We recently published revised guidelines, “Working Together to Safeguard Children 2006”, which set out three key principles for local agencies working with children who abuse others: first, there must be a robust, co-ordinated approach on the part of all agencies concerned in a case; secondly, the needs of children who abuse must be considered entirely separately from those of their victims; and, thirdly, there must an overall assessment of risk, which must include the risks to the victim, the abuser and others, particularly other children, whether in a family setting, in a school or in the wider community.
I thank the right hon. Lady for that answer and in particular for her emphasis on the last point. Will she tell me why it is believed that abusers between the ages of 16 and 18, or indeed over the age of 18, in further education colleges where there are youngsters as young as 14 should be treated any differently from employed abusers?
First, those who are employed are in a position of authority and trust vis-à-vis children and young people, which is not the case for those who may be students. I know that the hon. Gentleman is rightly concerned about the issue so I want to reassure him. Where an abuser is a child and the victim is a child there are many cases of a different nature: in some, the risk to other children will not be very great at all, because the abuse has arisen in a specific situation, but in others, there will be a more generalised risk to other children, which is why I stressed in the final part of my answer the need for agencies to look at each case individually and to make decisions on the basis of the risk posed by an individual young person to any other young people. Indeed, in some cases that will include the need to provide for education—whether further education or education before the age of 16—that is not in a mainstream education facility. That option is open to the agencies concerned.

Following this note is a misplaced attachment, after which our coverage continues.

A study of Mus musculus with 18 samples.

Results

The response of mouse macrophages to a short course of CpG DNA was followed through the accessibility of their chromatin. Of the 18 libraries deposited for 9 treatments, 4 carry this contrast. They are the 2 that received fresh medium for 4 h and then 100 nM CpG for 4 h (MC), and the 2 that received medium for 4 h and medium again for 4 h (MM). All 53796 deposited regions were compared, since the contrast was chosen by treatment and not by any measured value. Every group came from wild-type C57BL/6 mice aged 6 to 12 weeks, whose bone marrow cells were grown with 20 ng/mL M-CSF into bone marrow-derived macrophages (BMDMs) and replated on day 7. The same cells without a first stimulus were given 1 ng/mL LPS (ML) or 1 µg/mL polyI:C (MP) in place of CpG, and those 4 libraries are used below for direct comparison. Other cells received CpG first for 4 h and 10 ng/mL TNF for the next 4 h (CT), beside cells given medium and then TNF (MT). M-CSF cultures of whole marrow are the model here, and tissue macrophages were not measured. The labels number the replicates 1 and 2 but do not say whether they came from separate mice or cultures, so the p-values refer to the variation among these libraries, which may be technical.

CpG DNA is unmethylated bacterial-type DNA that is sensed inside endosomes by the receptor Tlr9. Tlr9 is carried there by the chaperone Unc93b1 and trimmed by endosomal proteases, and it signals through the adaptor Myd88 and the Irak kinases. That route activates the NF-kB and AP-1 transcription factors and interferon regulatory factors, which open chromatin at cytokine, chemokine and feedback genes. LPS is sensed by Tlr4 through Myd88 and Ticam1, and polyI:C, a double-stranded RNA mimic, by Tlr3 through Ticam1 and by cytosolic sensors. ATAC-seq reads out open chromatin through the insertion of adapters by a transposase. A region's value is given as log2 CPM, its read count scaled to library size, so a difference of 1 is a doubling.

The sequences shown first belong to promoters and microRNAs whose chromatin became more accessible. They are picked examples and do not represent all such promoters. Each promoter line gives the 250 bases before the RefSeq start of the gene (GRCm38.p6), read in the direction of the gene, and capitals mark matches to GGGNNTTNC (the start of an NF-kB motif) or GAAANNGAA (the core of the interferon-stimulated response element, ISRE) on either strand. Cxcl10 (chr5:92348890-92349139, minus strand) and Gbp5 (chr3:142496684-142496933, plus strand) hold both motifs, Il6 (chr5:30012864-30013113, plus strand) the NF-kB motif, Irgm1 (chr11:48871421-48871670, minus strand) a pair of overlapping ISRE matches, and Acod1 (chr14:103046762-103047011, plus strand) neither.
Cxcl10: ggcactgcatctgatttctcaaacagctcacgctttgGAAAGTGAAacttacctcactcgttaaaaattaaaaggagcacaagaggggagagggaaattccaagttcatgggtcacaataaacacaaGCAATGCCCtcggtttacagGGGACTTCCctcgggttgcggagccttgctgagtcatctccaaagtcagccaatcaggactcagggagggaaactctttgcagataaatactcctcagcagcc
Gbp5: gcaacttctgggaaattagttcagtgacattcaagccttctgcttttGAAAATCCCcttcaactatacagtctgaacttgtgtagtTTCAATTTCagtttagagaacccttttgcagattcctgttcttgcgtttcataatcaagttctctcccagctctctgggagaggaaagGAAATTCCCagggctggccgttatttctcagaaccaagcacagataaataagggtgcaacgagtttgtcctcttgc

As one of a number of very useful initiatives, the Labour-led Scottish Executive have appointed a team of professionals with expertise in the area of adolescent sex offending to work urgently to produce a strategy that will produce swift, effective action to deal with those young people. Can the Minister say whether we on this side of the border are learning lessons from that group and working with them to ensure that our own strategy is improved and made as effective as possible?
Yes. There is close collaboration. We also have on this side of the border our own joint programme, including all the relevant agencies and victims’ organisations, to develop national service guidelines based on research evidence of interventions that we think are effective and that have been properly evaluated. That is an important point in this difficult subject. We have also supported, through the Department of Health, the development of sexual assault referral centres for children—one initially in London and one at St. Mary's centre in Manchester. They are providing beacons of excellence and setting standards of good practice in this difficult area of work for professionals to draw on.